1.9 million Sufri palm trees in Bisha enhance economic resources

Updated 21 July 2018

1.9 million Sufri palm trees in Bisha enhance economic resources

JEDDAH: Bisha province is a rich oasis in the southwest of Saudi Arabia that has always been known for its fertile land. It joins between the valleys coming from the high mountains, called Palm Bisha, Green Bisha and Black Bisha, where another 45 sub-valleys also meet.
With the recent agricultural reawakening in Saudi Arabia, the General Directorate of Agriculture has started to rehabilitate the agricultural sector with expert farmers. It is protecting the date palm from various diseases, namely the red palm weevil and others.
The director of the Ministry of Environment in the province of Bisha, Salem Al-Qarni, said palm trees in the province are free of all pesticides and are fully organic, stressing that cooperation with the farmers and addressing all pests was one of the most important factors for the safety and productivity of the palms. He noted that Bisha is famous for the diversity of its trees spreading along the edges of its valleys.
Bisha relies on the rainwater falling on the western and southern mountains, as well as on the city’s highlands. Because of the importance of different sources of water, the Ministry of Environment, Agriculture and Water worked on creating four dams to ensure the permanent existence of water to guarantee the stability of the agricultural sector.
Bisha provides the local markets with many products such as dates, citrus products and honey. However, it lacks proper marketing for external exportation, which contributes to the significant decline of the products’ value.
Within the framework of the Economic Forum for Dates in Bisha, the province worked with the partnership of Bisha University, the National Center for Palm and Dates, and the Chamber of Commerce and Industry on promoting date production to ensure a proper market value that supports the farmer and enhances the resources.
The Sufri product is known to be the best produced locally and is in high demand from many companies. The statistics center at the Sufri Bisha festival recorded that more than 1.9 million palm trees are highly productive in Bisha, producing around 40 percent of exported dates from the KSA to the world.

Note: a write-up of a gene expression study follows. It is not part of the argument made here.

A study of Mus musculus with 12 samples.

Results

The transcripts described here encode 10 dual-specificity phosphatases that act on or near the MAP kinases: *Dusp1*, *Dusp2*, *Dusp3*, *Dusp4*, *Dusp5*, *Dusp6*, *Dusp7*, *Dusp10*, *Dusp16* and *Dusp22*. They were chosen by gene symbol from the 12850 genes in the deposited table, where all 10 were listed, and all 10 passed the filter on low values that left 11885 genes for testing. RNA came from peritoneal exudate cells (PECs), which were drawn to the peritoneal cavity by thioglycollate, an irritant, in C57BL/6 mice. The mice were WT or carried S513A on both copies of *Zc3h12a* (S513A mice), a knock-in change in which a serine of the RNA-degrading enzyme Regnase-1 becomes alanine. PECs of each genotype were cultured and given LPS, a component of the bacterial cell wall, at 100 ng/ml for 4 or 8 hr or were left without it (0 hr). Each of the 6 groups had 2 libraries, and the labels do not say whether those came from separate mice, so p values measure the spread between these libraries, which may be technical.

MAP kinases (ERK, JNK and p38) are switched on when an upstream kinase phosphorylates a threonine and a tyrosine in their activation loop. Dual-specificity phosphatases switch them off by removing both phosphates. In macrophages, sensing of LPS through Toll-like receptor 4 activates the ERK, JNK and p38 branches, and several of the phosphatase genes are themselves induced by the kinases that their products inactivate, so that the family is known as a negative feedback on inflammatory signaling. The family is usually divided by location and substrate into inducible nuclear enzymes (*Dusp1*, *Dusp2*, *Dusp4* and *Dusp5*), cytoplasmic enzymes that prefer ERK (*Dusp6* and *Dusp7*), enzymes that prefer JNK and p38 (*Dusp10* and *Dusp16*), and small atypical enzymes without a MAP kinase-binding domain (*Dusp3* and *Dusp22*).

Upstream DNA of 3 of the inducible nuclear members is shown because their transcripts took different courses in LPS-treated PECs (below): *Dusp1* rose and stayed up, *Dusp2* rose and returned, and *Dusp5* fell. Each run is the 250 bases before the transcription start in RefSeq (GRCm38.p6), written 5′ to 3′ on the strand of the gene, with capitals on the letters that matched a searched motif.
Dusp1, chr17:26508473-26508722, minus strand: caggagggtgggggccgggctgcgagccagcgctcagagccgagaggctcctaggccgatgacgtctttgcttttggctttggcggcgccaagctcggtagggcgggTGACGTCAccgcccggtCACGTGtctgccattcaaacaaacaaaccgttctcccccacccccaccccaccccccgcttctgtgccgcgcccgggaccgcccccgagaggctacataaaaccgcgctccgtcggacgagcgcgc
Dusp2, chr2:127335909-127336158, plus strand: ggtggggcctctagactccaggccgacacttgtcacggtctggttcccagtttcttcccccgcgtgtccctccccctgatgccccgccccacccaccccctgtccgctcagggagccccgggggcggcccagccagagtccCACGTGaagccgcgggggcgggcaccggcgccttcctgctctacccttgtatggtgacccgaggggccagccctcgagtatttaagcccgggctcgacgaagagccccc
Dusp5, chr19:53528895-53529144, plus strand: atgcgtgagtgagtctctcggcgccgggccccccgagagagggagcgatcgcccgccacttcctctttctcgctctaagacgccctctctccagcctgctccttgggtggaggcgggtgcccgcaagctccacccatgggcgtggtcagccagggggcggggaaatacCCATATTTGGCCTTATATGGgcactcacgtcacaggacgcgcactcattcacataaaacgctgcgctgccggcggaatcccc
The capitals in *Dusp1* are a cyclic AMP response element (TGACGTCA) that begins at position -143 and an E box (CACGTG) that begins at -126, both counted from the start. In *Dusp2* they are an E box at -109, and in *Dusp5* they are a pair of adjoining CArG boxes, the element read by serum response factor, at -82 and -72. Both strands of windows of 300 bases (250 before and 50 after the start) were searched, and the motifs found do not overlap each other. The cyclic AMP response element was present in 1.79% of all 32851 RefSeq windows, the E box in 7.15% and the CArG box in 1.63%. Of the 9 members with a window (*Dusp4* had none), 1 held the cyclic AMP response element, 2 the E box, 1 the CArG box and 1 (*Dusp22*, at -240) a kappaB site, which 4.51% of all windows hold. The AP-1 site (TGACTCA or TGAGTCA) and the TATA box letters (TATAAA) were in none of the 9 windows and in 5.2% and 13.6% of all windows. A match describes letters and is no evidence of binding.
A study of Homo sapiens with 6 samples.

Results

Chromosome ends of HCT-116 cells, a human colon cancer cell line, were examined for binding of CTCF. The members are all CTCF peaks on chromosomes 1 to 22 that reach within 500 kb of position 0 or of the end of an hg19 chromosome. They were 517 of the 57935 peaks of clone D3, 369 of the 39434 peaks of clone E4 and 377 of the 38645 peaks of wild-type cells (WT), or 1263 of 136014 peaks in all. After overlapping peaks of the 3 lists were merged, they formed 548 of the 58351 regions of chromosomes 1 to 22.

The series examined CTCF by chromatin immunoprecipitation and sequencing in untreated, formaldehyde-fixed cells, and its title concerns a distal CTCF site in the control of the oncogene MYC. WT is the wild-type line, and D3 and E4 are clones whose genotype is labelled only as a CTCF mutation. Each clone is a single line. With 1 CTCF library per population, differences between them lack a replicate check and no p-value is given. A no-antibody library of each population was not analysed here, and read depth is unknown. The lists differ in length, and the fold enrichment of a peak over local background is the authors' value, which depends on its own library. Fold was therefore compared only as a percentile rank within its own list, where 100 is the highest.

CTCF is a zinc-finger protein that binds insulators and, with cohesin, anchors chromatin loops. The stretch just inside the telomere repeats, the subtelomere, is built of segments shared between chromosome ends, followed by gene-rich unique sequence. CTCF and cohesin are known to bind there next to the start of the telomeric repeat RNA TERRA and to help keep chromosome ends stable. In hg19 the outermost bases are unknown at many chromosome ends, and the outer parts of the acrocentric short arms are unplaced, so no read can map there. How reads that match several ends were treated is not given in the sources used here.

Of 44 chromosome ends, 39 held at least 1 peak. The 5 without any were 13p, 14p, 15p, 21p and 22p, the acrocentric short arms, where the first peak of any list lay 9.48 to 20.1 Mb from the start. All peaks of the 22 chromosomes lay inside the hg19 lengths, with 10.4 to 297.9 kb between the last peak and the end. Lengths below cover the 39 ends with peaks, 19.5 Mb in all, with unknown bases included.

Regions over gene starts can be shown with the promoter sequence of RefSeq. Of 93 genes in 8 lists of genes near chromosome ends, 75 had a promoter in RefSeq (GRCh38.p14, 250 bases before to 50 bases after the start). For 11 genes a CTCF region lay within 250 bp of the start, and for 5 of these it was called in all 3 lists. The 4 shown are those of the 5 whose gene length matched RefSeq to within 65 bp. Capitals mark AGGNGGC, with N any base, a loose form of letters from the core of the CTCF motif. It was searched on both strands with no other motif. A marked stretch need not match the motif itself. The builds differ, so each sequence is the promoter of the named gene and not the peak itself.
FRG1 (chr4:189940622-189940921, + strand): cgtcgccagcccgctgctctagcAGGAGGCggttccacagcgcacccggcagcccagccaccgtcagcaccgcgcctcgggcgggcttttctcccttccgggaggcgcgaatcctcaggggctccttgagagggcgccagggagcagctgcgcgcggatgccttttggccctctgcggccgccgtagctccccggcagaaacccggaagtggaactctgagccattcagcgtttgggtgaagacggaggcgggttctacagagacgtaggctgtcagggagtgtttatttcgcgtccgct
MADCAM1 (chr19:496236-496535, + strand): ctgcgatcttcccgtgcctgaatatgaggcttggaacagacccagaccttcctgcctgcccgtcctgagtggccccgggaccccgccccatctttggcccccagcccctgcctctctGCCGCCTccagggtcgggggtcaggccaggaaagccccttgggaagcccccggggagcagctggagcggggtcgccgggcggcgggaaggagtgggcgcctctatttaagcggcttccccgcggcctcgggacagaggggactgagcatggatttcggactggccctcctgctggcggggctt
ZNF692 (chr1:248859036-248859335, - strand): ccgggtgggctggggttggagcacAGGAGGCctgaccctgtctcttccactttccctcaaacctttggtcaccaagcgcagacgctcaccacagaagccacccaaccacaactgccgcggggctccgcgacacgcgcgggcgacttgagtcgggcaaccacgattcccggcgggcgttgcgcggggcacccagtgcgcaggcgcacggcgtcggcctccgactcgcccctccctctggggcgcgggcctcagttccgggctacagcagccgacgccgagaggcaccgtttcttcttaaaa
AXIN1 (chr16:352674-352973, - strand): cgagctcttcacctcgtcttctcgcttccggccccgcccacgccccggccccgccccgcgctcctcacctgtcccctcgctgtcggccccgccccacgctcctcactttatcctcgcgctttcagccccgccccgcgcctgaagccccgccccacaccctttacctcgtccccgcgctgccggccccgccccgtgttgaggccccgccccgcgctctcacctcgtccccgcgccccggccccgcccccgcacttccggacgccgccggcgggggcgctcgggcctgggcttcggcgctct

Saudi tourism megaproject aims to turn the Red Sea green

Updated 59 min 6 sec ago

Saudi tourism megaproject aims to turn the Red Sea green

  • Development will protect endangered hawksbill turtle, while coral research could help save the Great Barrier Reef

RIYADH: Key ecological targets are driving Saudi Arabia’s Red Sea tourism megaproject, its leader has told Arab News.

The development will not only protect the habitat of the endangered hawksbill turtle, but could also save coral reefs that are dying elsewhere in the world, said Red Sea Development Company Chief Executive John Pagano.

The project is taking shape in a 28,000 square kilometer region of lagoons, archipelagos, canyons and volcanic geology between the small towns of Al-Wajh and Umluj on the Kingdom’s west coast.

One island, Al-Waqqadi, looked like the perfect tourism destination, but was discovered to be a breeding ground for the hawksbill. “In the end, we said we’re not going to develop it. It shows you can balance development and conservation,” Pagano said.

Scientists are also working to explain why the area’s coral reef system — fourth-largest in the world —  is thriving when others around the world are endangered.

“To the extent we solve that mystery, the ambition would be to export that to the rest of the world,” Pagano said. “Can we help save the Great Barrier Reef or the Caribbean coral that has been severely damaged?”